New Marshall County Emergency Medical Service Gets Team Leader

CAMERON — The Cameron community will soon see a fresh face spearheading the newly formed Marshall County Emergency Medical Services.

Since the unexpected closing of Cameron’s ambulance service in September, local authorities claim medical response times to the area have been dangerously slow, but the community’s nearly 2,000 residents will soon benefit from a new system in the area this summer.

The approximately $900,000 plan, projected to take effect July 31, will feature new squad vehicles and supplies. Commissioners also approved a one-year contract with HealthTeam Critical Care Transport, a private emergency services provider for $112,195 in December. HealthTeam Critical Care Transport is a wholly-owned subsidiary of HealthNet Aeromedical Services, headquartered in Charleston.

The not-for-profit critical care transport system is operated cooperatively by WVU Medicine, Charleston Area Medical Center and Cabell Huntington Hospital.

Stephen Jenkins, a resident of Mount Olivet in Marshall County, began working last week as ground team leader for the new organization. Jenkins said he will run day-to-day operations in Cameron, coordinating with local fire departments, sheriff’s departments and other EMS agencies, as well as working with city council in Cameron and county commissioners.

A 30-year emergency services veteran, Jenkins was previously employed as an operation supervisor in southwestern Pennsylvania at Washington Ambulance and Share Services before serving as crew chief for Weirton Area Ambulance and Rescue Squad.

As part of the contract, HealthNet will provide education tools, management and daily oversight, while paramedics and emergency medical technicians will be employed by the county commission.

“It’s a wonderful opportunity and I’m looking forward to working with the community of Marshall County,” Jenkins said. “Right now I’ll be going over all of HeathNet’s procedures and policies and also overseeing the construction of the building in Cameron as well as the trucks which Marshall County has ordered, which are currently being built. I’ll be conducting interviews for EMTs and paramedics in June and hope to bring candidates to the academy by early to mid-July.”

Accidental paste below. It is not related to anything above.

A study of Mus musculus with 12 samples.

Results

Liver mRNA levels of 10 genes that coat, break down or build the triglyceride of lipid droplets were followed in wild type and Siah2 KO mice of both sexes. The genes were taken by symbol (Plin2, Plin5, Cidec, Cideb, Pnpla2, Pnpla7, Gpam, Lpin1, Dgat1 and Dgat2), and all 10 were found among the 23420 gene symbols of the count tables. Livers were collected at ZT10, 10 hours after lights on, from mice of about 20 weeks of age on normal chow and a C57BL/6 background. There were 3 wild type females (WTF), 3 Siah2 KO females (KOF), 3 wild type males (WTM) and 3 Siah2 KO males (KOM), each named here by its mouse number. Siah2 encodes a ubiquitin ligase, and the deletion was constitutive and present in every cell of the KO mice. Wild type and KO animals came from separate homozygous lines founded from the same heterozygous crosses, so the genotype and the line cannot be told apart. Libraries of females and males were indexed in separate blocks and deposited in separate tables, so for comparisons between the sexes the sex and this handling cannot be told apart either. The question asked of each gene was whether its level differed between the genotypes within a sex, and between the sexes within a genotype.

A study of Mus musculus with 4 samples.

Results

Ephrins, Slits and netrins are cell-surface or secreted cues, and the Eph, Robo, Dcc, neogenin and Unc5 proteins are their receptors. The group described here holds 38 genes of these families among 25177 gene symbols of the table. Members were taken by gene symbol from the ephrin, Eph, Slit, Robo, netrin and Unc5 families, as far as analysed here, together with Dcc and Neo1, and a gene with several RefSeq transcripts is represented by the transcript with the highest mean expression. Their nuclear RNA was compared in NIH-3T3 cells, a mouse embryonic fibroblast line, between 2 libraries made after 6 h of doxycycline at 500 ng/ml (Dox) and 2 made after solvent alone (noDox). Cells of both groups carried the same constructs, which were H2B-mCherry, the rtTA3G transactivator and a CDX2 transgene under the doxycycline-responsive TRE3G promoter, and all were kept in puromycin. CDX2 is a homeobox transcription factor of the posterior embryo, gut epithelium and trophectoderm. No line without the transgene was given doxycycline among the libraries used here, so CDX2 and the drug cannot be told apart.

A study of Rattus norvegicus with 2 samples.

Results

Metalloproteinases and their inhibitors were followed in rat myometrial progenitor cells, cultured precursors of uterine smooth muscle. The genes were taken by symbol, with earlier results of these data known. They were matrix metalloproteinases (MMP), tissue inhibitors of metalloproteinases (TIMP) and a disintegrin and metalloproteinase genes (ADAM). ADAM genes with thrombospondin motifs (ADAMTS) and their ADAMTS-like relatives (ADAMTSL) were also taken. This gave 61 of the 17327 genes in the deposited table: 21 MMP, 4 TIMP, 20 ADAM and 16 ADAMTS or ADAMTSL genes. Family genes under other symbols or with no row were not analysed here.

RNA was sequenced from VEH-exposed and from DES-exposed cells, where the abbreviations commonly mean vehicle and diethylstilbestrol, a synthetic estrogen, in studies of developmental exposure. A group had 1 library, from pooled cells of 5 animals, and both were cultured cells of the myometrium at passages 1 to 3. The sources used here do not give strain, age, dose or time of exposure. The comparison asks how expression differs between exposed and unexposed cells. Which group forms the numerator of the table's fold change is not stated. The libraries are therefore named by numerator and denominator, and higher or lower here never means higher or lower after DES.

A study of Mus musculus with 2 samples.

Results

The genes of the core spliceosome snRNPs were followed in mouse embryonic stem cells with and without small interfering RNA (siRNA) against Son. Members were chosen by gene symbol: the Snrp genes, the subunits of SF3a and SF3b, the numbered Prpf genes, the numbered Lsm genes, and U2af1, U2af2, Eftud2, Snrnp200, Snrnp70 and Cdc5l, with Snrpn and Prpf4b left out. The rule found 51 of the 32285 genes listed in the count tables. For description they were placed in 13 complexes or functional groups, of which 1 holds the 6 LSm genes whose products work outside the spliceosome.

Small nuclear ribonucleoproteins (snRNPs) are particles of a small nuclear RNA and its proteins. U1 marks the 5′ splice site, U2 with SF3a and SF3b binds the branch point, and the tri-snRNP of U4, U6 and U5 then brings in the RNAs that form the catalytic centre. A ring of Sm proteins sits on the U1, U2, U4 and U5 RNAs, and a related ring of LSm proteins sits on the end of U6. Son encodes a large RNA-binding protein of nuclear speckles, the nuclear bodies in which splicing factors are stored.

Cameron EMS had been housed in a building leased to it by Camforge before the lease was terminated. The lease termination, along with a lack of volunteers, caused the service’s closure. Since the closure, coverage has been supplied by Limestone EMS and Tri-State EMS.

He added the coming changes will decrease wait times for ambulances in the Cameron response area, which covers 212 square miles.

“Residents won’t have to rely on private services to come from Moundsville with a 30-minute wait or from Limestone with a 15-20 minute wait,” Jenkins said. “Residents in the immediate Cameron area should have an ambulance in about seven to 10 minutes.”

Clinton Burley, president and CEO of HealthNet Aeromedical Services, said the changes will have a positive impact on the Cameron community. Burley added a location for Marshall County Emergency Health Services has not yet been decided, but should be in the coming weeks. Two sites are currently being considered in Cameron.

“I’m confident there will be an increase in the quality of service in this market,” Burley said. “We’re able to provide a very high level of service in every community we serve and I’m confident that Marshall County will be no exception.”

During their meeting last week, Marshall County commissioners also approved the certification of a $400,000 loan request made to BB&T Bank by the Moundsville Volunteer Fire Department to assist in the construction of a new fire station and renovations to the current station.